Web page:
Every September, the United States observes National Preparedness Month to raise awareness on the importance of being prepared for disasters and emergencies.
Emergencies and disasters can strike quickly and without warning, like the recent fires in Maui or the hurricanes that have hit the East Coast. An emergency can force you to evacuate your neighborhood or confine you to your home. What would you do if basic services — water, gas, electricity, or telephones — were cut off?
As a health care resource for your community, ensuring you and your team are ready for disaster will not only help your business, but possibly save the lives of your patients and neighbors.
Local officials and relief workers will be on the scene after a disaster, but they cannot reach everyone right away. You can cope with disaster by preparing in advance and by working with your team and your family.
To get started, sign up for emergency alerts from authorized U.S. federal, state, local, tribal and territorial public alerting authorities. All major phone providers and some smaller providers participate in Wireless Emergency Alerts (WEA) in the U.S. However, older phones may not be compatible, and some cell phone models require you to enable alert messaging. (Some mobile service providers call these messages “Government Alerts,” or “Emergency Alert Messages.”) Make sure your phone is set up to receive these important alerts.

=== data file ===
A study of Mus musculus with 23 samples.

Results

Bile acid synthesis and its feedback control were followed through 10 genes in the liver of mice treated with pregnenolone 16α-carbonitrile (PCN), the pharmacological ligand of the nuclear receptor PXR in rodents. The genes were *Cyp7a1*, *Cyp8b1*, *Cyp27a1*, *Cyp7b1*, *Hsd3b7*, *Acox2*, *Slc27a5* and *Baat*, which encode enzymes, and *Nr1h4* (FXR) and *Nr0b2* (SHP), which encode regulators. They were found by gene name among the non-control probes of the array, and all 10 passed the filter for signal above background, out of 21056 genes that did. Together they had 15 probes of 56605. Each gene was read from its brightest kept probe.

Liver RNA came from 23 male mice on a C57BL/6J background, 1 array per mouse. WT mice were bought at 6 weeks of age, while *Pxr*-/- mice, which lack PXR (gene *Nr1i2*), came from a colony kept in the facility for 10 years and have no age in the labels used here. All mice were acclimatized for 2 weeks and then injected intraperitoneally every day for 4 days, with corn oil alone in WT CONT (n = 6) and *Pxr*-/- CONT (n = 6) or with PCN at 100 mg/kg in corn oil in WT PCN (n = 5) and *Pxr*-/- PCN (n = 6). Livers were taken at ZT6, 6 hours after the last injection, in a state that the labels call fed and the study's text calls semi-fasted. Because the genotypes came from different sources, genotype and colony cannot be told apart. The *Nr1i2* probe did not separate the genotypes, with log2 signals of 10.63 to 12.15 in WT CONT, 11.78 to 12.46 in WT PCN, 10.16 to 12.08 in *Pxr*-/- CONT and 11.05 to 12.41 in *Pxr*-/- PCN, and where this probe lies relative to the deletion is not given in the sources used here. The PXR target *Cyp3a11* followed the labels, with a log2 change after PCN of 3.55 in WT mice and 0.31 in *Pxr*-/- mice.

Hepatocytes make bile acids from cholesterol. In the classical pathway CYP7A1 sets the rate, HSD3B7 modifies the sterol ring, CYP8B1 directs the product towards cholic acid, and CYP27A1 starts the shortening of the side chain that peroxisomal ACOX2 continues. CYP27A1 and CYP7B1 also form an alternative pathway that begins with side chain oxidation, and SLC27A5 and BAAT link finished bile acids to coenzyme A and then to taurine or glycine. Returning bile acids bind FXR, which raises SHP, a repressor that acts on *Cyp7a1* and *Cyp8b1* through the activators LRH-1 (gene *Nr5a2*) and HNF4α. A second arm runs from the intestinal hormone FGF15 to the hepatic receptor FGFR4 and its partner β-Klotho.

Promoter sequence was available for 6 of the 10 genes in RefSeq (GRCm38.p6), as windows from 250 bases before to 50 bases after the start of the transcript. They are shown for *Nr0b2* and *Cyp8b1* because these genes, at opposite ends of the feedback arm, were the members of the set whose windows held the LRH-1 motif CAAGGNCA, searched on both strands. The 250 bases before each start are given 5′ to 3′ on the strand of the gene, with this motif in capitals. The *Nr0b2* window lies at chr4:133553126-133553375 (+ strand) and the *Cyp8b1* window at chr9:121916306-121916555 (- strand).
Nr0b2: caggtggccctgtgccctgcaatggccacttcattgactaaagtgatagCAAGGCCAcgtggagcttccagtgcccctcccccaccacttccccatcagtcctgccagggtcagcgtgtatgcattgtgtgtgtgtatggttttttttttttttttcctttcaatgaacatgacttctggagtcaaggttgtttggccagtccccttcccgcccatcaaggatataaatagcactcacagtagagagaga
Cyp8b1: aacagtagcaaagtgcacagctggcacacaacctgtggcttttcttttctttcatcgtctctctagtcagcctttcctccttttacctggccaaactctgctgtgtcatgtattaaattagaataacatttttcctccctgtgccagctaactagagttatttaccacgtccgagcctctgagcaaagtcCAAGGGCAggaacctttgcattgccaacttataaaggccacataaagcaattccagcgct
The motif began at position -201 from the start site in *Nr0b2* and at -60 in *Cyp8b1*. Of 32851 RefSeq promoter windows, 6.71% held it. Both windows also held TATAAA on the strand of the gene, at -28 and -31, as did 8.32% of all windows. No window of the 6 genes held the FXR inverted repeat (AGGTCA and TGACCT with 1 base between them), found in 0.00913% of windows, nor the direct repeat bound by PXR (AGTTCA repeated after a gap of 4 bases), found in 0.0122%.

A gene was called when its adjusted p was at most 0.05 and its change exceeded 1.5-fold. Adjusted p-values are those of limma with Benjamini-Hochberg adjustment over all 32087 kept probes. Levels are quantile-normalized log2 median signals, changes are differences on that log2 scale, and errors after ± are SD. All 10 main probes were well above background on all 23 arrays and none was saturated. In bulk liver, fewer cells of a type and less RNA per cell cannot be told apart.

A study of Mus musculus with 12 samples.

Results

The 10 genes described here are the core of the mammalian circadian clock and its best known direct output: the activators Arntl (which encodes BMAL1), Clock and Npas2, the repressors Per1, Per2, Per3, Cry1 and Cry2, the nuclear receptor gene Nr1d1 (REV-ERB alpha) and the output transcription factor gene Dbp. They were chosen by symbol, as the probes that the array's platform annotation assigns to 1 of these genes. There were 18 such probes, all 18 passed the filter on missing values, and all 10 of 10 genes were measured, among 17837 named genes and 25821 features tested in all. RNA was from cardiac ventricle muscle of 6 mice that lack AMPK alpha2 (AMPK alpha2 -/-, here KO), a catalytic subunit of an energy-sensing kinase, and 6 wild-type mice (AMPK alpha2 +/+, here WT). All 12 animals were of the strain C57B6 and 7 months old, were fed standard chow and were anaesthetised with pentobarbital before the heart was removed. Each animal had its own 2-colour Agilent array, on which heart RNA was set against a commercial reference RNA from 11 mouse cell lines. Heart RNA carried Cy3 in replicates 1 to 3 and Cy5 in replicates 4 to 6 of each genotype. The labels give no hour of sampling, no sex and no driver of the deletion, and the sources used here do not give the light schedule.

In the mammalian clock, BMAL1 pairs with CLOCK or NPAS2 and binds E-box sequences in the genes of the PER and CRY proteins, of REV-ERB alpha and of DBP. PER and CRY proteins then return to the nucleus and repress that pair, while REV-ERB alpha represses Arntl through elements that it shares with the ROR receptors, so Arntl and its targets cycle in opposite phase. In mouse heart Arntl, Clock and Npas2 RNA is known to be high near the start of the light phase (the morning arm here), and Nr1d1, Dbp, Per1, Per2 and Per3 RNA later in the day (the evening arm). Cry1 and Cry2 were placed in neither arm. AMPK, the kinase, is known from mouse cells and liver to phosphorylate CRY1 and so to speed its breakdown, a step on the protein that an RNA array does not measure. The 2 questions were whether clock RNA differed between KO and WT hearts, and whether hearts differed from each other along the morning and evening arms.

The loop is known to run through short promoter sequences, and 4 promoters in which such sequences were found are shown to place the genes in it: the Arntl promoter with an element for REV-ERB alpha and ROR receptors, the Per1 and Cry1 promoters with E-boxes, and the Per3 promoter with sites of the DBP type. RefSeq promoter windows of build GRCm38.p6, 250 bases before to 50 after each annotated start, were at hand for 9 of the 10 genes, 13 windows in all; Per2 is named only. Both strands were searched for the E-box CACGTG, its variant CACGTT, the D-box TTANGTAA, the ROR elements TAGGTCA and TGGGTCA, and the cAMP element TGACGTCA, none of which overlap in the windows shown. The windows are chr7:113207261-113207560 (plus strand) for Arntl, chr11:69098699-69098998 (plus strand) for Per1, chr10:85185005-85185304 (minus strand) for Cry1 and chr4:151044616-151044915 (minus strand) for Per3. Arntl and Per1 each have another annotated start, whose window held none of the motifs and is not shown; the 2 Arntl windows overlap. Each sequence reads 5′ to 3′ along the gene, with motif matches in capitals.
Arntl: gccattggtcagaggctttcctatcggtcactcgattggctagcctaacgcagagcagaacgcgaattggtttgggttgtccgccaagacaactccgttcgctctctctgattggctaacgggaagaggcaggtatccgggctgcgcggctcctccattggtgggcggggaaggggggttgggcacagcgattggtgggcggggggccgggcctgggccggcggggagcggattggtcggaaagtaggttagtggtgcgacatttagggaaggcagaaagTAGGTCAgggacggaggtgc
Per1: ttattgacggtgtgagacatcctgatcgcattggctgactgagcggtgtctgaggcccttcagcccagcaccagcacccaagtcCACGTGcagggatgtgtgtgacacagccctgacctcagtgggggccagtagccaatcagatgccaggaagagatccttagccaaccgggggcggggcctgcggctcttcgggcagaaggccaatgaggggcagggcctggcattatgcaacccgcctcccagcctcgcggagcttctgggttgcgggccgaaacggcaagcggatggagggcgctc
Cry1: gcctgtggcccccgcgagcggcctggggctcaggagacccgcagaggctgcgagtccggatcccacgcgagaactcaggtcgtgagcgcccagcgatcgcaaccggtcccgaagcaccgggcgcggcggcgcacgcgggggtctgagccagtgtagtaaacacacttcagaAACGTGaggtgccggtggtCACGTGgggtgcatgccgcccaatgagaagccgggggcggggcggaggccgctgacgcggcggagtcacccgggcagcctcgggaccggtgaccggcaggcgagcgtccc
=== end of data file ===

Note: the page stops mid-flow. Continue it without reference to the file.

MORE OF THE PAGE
You can also install the FEMA Mobile App to receive real-time weather and emergency alerts, send notifications to loved ones, locate emergency shelters in your area, get preparedness strategies and more.
Next steps include:
- Making a plan for an emergency
- Assembling an emergency kit
- Maintaining your emergency plan and kit
You’ll find important resources to help you prepare for an emergency via the U.S. Department of Health & Human Services and the U.S. Department of Homeland Security Ready.gov website. You can also download FEMA's Preparing for Disaster guide.